Let me start off this post on a downbeat note: Improving sustainability is not a high priority for companies, according to data from the recent Forrester survey of business decision-makers. The survey, part of Forrester's Forrsights research, was fielded to 2,600 executives with budget authority at companies in Europe, North America, and Asia during the fourth quarter of 2010.
When we asked these corporate decision-makers about their company's top business priorities, revenue growth was #1, customer retention #2, and cost-cutting #3 (see Figure 1 below). Improving the corporate sustainability posture? Oops, it's down at #10, with just 10% of respondents indicating that sustainability is one of their firm's high priorities for 2011. When we cut those numbers by industry grouping, utilities/telecoms and public sector/healthcare are highest, with 15% prioritizing sustainability, compared with a low of just 7% in financial services.
Now, I'd like to contrast that eye-opening data with a much more optimistic set of figures from our recent research about the growth of sustainability consulting services. My colleague Daniel Krauss and I have worked with many of the large consultancies over the past few years and seen their sustainability practices grow from practically nothing to very substantial businesses.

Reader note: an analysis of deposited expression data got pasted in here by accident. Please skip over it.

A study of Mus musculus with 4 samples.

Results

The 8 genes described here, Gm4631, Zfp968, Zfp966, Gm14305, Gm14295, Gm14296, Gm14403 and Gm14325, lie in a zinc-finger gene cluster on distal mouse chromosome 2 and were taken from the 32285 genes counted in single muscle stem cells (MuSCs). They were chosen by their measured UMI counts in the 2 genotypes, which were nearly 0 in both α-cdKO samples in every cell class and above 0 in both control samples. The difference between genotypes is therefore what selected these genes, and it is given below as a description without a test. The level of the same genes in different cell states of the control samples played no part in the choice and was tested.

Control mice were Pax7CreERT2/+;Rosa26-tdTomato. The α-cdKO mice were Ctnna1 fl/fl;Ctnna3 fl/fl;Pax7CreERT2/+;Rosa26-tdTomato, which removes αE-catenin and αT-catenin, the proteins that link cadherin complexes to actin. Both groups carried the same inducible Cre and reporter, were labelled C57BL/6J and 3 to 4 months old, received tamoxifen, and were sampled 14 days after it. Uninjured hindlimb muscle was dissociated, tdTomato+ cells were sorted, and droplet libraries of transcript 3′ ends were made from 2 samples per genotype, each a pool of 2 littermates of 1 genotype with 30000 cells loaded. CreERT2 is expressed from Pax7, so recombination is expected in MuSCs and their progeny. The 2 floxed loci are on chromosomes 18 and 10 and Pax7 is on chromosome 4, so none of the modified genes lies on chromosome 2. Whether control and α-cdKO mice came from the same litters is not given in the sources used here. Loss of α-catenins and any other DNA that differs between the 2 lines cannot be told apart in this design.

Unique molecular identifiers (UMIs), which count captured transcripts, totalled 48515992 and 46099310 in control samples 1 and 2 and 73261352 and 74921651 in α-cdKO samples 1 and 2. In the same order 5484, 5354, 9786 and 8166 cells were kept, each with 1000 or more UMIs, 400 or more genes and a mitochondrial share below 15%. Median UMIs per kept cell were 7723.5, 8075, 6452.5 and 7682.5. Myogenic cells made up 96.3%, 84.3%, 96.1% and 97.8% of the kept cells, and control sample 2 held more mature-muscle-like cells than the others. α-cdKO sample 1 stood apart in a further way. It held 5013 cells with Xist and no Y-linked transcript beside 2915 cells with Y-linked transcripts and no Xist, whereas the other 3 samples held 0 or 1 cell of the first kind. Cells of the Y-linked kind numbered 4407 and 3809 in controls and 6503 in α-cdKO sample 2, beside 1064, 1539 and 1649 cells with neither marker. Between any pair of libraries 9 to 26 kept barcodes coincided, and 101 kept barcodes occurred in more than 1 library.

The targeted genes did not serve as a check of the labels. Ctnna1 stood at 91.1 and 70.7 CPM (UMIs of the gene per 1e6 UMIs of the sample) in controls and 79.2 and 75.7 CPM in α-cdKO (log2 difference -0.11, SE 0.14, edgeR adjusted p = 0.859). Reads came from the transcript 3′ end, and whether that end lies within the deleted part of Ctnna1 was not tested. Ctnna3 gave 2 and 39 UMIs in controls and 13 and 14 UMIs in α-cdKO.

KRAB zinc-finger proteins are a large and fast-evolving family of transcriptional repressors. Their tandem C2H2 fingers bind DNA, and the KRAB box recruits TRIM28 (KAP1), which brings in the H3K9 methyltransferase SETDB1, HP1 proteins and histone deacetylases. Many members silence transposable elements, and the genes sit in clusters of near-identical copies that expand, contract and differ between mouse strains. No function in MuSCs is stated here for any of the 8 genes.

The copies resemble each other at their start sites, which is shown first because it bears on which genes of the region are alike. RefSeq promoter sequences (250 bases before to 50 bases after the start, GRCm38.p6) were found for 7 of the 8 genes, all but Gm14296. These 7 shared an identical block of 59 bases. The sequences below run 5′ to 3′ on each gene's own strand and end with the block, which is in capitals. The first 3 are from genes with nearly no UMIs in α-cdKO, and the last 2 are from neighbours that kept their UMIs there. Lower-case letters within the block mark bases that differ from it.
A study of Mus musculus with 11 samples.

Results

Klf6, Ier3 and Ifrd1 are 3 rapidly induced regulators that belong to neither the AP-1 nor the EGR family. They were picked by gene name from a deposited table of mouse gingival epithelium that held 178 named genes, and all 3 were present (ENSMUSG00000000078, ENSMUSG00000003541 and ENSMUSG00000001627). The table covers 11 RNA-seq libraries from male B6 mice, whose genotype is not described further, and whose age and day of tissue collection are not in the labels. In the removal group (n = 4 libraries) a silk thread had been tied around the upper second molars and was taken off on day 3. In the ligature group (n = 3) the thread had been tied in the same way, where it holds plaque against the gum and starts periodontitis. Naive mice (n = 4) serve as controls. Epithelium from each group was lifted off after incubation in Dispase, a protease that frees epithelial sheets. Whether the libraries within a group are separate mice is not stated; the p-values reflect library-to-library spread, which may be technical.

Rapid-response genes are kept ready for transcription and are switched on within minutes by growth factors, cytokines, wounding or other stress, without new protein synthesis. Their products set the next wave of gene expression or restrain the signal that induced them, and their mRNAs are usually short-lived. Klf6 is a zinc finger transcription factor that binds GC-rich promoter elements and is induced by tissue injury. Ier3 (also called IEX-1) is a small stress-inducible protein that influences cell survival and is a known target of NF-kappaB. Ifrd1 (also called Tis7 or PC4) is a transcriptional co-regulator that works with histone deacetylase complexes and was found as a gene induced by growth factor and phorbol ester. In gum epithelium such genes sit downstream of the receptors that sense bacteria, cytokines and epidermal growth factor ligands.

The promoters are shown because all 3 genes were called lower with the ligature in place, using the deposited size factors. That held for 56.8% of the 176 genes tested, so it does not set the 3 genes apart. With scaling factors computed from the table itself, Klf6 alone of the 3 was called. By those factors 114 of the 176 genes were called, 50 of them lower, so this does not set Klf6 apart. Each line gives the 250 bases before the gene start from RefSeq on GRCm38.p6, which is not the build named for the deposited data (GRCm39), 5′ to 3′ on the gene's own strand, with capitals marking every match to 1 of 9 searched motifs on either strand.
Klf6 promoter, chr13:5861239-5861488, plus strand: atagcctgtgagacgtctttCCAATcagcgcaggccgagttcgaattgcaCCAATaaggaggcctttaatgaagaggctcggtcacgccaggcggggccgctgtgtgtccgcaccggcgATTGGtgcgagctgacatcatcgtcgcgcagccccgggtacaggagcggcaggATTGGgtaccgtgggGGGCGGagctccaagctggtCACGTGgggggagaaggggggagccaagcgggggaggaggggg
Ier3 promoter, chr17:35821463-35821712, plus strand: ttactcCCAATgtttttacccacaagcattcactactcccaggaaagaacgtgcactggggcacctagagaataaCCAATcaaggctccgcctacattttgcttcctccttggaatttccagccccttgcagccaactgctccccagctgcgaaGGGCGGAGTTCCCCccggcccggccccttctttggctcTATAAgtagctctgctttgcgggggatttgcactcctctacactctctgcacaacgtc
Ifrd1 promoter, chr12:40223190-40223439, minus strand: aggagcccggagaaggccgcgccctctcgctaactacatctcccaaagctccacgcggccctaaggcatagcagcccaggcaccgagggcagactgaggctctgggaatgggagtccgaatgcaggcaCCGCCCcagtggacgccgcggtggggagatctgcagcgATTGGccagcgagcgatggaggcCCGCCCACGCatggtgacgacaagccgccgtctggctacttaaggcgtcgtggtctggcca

Among 21 consulting firms that we surveyed late last year, 17 have a dedicated sustainability practice, and five of those count more than 1,000 practitioners (see Figure 2).
This was quicker than expected. As stated in my last report on the enterprise carbon and energy management (ECEM) software market, we expected that Oracle, among some other players, will catch up on the ECEM market opportunity as it materializes. We projected a period of hypergrowth over the next three years, taking the ECEM software market from an estimated $316 million in 2011 to $903 million in 2013. You'll find our market definitions for carbon and energy management software and overview of the vendor landscape here.
Oracle announced on Friday its acquisition of Ndevr's Greenhouse Gas (GHG) Accounting Software with the intent to expand its current portfolio of sustainability solutions and offer improved capabilities to monitor, analyze, and report energy consumption and related emissions. Australia-based Ndevr was founded in 1998 as a JD Edwards partner, has been a certified Oracle partner for 10 years, and employs today approximately 80 consultants.